What 6 dentists want to see done differently in the industry

Higher reimbursements, better training for dental students and increased integration of artificial intelligence are just a few of the changes dentists want to see in the dental industry.

Six dentists recently spoke to Becker's about the changes they want to see in the dental industry in the next five years.

Editor's note: Responses were lightly edited for length and clarity.

Question: What changes would you like to see in the dental industry in the next five years?

Mary Ann Bunczak, DDS. Forest Lake (Minn.) Endodontics: I would like to see better endodontic training of D3 and D4 dental students. I am seeing that recent grads are not learning nearly enough about endodontic diagnosis and treatment planning procedures or clinical hands-on endodontic treatment. 

E. M. Ferneini, DMD, MD. Greater Waterbury Oral & Maxillofacial Surgeons (Waterbury and Cheshire, Conn.): From a technology standpoint, I would like to see more integration of artificial intelligence-powered [technology] into our daily practice and more applications of 3D printing in dentistry, especially oral and maxillofacial surgery.

From a medical standpoint, I would like to have more evidence-based data on inflammatory markers, which could be helpful in diagnosing and managing oral and systemic conditions.

From a clinical standpoint, I would like to see more improvement in our regenerative, implant and restorative materials. This will ultimately improve our patient safety.

From a public health standpoint, I would recommend improving our access to care, especially for our elderly population. By expanding teledentistry, access to care would be made easier and more efficient.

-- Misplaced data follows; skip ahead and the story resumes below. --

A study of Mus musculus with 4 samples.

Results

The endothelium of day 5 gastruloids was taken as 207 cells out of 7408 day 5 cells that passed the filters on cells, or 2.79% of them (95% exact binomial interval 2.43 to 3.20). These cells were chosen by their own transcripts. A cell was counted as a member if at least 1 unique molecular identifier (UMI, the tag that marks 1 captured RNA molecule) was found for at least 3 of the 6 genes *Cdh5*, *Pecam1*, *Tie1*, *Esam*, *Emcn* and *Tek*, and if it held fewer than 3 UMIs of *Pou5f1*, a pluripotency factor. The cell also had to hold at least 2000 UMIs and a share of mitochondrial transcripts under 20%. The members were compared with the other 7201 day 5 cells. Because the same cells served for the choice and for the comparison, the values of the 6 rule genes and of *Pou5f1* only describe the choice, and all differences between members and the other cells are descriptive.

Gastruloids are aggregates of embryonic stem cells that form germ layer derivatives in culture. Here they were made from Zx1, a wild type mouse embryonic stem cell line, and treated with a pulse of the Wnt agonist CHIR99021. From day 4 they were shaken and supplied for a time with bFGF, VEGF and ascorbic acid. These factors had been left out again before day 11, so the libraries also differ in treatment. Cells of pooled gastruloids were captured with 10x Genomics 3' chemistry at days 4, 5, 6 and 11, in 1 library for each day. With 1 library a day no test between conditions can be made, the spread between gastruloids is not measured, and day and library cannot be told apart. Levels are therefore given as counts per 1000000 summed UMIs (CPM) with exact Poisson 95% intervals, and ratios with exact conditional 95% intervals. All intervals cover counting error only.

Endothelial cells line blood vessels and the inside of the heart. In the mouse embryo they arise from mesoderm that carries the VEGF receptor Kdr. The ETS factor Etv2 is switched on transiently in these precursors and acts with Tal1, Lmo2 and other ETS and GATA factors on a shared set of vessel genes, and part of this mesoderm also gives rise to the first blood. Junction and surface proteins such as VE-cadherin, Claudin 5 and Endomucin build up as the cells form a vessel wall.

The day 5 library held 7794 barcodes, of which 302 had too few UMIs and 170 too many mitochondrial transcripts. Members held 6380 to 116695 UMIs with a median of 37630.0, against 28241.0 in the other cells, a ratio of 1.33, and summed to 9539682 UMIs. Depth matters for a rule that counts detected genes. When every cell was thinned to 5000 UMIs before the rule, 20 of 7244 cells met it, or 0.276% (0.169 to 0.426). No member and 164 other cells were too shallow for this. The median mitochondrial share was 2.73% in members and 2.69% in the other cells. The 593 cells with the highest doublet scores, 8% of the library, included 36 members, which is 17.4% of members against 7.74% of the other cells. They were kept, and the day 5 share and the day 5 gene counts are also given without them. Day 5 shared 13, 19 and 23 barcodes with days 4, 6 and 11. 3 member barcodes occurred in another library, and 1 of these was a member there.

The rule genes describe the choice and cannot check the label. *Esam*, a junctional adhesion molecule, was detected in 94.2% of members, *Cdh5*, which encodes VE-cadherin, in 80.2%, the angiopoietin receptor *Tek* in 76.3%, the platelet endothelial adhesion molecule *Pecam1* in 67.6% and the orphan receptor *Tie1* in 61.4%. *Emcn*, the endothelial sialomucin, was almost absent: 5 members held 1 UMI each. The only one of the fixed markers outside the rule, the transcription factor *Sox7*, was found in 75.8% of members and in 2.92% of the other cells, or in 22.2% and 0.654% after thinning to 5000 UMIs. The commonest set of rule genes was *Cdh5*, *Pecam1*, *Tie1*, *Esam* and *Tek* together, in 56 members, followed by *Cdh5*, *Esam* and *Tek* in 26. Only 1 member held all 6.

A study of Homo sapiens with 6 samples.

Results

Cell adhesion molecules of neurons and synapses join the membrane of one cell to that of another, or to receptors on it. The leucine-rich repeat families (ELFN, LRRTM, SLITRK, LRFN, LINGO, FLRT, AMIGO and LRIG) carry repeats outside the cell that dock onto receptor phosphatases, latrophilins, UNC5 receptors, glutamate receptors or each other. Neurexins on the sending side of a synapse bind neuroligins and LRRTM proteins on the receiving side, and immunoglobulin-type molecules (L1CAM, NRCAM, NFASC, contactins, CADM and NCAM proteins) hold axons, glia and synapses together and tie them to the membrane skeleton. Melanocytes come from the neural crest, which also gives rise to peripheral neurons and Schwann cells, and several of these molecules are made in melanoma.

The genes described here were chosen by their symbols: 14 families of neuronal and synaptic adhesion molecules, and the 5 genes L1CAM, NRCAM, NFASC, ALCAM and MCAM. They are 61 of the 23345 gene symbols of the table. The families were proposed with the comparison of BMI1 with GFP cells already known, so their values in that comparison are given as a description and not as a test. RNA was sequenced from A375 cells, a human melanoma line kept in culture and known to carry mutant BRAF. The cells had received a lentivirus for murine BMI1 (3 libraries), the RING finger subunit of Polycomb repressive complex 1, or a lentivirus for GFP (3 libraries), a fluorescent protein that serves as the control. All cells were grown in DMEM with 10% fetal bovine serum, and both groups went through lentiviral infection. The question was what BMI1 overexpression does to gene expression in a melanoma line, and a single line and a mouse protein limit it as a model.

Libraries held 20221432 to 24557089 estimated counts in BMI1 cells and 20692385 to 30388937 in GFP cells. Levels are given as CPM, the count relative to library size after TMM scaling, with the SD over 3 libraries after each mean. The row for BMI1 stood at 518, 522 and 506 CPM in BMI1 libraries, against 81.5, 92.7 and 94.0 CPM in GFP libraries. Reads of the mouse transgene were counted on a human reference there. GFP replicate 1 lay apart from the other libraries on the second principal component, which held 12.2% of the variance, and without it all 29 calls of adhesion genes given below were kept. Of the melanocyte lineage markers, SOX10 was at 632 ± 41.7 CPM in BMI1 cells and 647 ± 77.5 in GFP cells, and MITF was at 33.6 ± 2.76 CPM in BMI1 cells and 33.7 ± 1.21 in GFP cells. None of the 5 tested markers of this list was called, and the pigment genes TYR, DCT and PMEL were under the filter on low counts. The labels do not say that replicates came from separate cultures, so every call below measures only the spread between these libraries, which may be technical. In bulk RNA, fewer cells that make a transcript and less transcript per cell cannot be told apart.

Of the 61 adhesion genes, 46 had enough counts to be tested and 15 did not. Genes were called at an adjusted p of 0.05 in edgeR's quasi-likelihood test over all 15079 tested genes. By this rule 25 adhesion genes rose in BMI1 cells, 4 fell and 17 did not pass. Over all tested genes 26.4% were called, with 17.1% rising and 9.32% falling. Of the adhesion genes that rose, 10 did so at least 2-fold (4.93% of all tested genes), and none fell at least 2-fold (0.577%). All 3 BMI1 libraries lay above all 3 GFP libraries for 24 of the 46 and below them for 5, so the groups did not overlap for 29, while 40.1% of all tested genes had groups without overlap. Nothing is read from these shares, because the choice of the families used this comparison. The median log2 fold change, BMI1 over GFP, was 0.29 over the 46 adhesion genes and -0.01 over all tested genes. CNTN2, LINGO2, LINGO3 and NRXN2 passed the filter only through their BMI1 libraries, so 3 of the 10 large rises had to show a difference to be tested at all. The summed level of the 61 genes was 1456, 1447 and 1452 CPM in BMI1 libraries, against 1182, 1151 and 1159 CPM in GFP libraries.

Misako Hirota, DMD. Owner of Hirota Dental (National City, Calif.): I would like to see an overhaul of the insurance industry. The rates have not changed in over 20 years for some procedures and they are bundling procedures so as to reduce the reimbursements to providers. I see more and more dentists choosing to become out of network and this ultimately hurts the patient more than the insurance company. We need nationwide MLR laws so there is more transparency into how insurance premium dollars are really spent.  

William Hunt, DDS. Dentist at William Hunt, DDS PA (Forest City, N.C.): Better insurance reimbursement. When I started practice, there was a $50 deductible and an annual maximum of $2,500. Prices have risen not only for treatment but also for premiums, yet copays and annual maximums have fallen significantly. That drastically limits the quality of treatment for some patients. Why not allow the patients to have the treatment they are paying to receive? Don't get me started on the health insurance debacle. We should be able to cooperate with these companies instead of being adversaries. Together, we can make a difference for the patients. 

Charles Schlesinger, DDS. COO of Comfortable Dentistry 4U (Albuquerque, N.M.): I would like to see a system where insurance pays commensurate fees for the work being done, along with higher maximums for the patient to allow comprehensive care. 

Owen Waldman, DMD. Waldman Dental Group (Scottsdale, Ariz.): The biggest changes I'd like to see in the next five years — actually, a lot sooner than that — is the end of non-dentists having any ownership in any dental practices. Trying to make dentistry follow the same big corporate model as medicine will result in worse, less personalized care and having the vast majority of future dentists become nothing but employees, or one of many partners, and losing the autonomy of a small business owner, which most dentists have always been.

The second major change needed is the basic collusion of the insurance industry keeping fees down and literally not raising reimbursements for over a decade in some cases and if they do, it's literally only a few dollars more. Inflation is through the roof and you know the insurance companies keep raising their premiums that the patients pay every year. However, the patient's annual maximum stays the same and so does the doctor's reimbursement, while the CEOs and stockholders make more and more money. [That is] not the way it should be in healthcare. They should mandatorily have to raise reimbursement rates annually, just like they jack up premiums on their customers annually.